Microphones for bat detectors
Most bat calls are very high pitched - they are too high for us to hear. These are called "ultrasonic" sounds. Bat detectors require a special microphone that will work in the ultrasonic range. There are three main types that can be used; piezo sensors, capacitance microphones, including electrets, and the new "MEMS" (micro-electro-mechanical sensor) microphones.
Piezo sensors are often used in ultrasonic range measurement. They use a special crystal which produces a voltage when it is stressed by an incoming sound wave. They are robust - "tough as old boots" and produce a high output. This made them very popular for early bat detector designs. They are made to be particularly sensitive at a pre-set frequency - their "resonant frequency" which depends on the size of the crystal used. Common types have resonant frequencies of 40, 45 or 50kHz.
Many bats use echolocation calls in this range; but the narrow signal range means others will not be detected.
Most microphones used for normal sound recording fall into this category. They comprise a pair of plates with a small gap between. A small charge is applied to the plates, and when they vibrate the voltage between them changes, creating an electrical signal. Capacitance microphones are capable of very high quality reproduction, but their requirement of a rather high bias voltage makes them less suitable for portable applications. Also they are generally fragile, large and not very sensitive.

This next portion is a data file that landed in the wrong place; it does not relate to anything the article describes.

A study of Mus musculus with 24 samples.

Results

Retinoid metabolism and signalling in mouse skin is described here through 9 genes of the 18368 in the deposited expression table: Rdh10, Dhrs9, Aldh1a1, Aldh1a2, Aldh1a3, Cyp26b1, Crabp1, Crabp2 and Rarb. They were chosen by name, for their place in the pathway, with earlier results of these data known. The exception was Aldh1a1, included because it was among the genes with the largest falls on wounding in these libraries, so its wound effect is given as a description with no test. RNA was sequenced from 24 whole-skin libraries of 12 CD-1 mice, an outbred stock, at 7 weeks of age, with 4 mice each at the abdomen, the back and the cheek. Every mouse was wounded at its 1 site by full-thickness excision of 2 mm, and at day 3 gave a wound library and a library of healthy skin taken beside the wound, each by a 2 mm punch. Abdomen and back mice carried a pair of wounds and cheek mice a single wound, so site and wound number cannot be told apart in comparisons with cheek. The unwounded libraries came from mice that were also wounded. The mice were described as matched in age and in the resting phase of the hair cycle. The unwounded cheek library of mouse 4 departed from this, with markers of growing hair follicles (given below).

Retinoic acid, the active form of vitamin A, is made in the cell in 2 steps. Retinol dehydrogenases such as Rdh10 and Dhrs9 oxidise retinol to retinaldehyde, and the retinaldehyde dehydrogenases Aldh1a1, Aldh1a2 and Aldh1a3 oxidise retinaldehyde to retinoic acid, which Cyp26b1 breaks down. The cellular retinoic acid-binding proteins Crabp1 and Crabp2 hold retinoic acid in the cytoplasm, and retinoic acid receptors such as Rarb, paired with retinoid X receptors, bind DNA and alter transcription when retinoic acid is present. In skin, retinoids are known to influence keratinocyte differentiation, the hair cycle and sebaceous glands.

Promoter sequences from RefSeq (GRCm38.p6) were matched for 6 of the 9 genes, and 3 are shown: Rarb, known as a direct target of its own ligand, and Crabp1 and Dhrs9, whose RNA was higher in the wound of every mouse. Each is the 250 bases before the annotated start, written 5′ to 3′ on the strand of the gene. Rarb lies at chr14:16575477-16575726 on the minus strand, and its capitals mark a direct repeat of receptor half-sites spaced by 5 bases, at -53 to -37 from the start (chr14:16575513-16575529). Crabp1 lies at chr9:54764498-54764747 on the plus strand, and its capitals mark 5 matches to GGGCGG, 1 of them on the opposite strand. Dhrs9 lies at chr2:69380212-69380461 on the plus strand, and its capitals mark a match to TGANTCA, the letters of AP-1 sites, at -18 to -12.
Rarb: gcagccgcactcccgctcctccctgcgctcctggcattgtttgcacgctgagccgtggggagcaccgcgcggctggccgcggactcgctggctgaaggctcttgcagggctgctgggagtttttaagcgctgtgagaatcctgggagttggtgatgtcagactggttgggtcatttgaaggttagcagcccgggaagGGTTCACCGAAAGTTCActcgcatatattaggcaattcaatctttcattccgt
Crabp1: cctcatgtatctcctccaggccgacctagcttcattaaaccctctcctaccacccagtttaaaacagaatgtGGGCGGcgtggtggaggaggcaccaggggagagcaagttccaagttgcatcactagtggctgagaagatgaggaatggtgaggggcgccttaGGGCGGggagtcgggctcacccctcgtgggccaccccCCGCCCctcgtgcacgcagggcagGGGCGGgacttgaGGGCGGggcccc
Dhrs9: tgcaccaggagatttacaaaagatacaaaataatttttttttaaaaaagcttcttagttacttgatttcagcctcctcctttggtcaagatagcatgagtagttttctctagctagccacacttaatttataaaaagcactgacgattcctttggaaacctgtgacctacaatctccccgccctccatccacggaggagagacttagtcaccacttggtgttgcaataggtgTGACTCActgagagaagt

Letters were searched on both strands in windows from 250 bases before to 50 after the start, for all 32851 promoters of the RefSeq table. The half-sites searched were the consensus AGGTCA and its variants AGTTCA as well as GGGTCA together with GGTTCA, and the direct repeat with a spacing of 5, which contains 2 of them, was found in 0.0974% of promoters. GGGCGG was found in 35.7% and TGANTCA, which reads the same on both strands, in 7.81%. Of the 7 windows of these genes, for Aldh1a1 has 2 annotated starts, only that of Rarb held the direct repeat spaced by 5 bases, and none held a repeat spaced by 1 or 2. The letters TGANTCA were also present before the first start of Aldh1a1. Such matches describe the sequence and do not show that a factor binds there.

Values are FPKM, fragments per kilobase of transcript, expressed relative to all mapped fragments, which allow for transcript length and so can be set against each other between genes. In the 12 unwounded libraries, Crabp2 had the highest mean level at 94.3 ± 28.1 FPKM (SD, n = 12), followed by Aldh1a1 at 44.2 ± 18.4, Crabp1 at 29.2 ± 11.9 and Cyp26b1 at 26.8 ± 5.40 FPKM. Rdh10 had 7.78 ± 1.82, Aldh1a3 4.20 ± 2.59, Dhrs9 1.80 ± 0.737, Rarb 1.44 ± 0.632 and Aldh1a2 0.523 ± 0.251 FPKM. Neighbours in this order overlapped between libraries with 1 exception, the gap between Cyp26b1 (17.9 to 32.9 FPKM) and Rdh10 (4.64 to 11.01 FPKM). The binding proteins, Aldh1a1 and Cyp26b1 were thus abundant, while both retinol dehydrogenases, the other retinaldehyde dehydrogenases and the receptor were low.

The requirement for robust compact capacitance microphones has led to the development of first ECM (Electret), then MEMS microphones.
Electret condenser microphones
Unlike older capacitance microphones the electret type does not need a large bias voltage as it uses a special diaphragm which has a charge "fixed" within the material. Because the signal generated is small electret microphones have a built-in amplifier, so they need a supply voltage generally around 1.5 - 5V. This is not usually a problem as the portable equipment they are used with will usually have a suitable supply.
Electret microphones are inexpensive and robust. While their frequency response is characterized for the audio range (20Hz - 20kHz) many can continue to work well into the lower end of the ultrasonic spectrum (say 100kHz).
The sensing element uses a silicon membrane which is micromachined to produce audio sensors. This creates a very small cavity and a thin light membrane. The plates of this capacitor are very close together so a low bias voltage is sufficient - in the region of 5V. The microphone package includes an ASIC (application specific integrated circuit) which measures the capacitance and produces an output signal. MEMS microphones typically have the same sensitivity as electrets, but a much better noise performance. They can be made very small, and are often used as microphones in smartphones and tablets. Again the performance is characterised in the audio range, but many types have a good performance in the ultrasound range.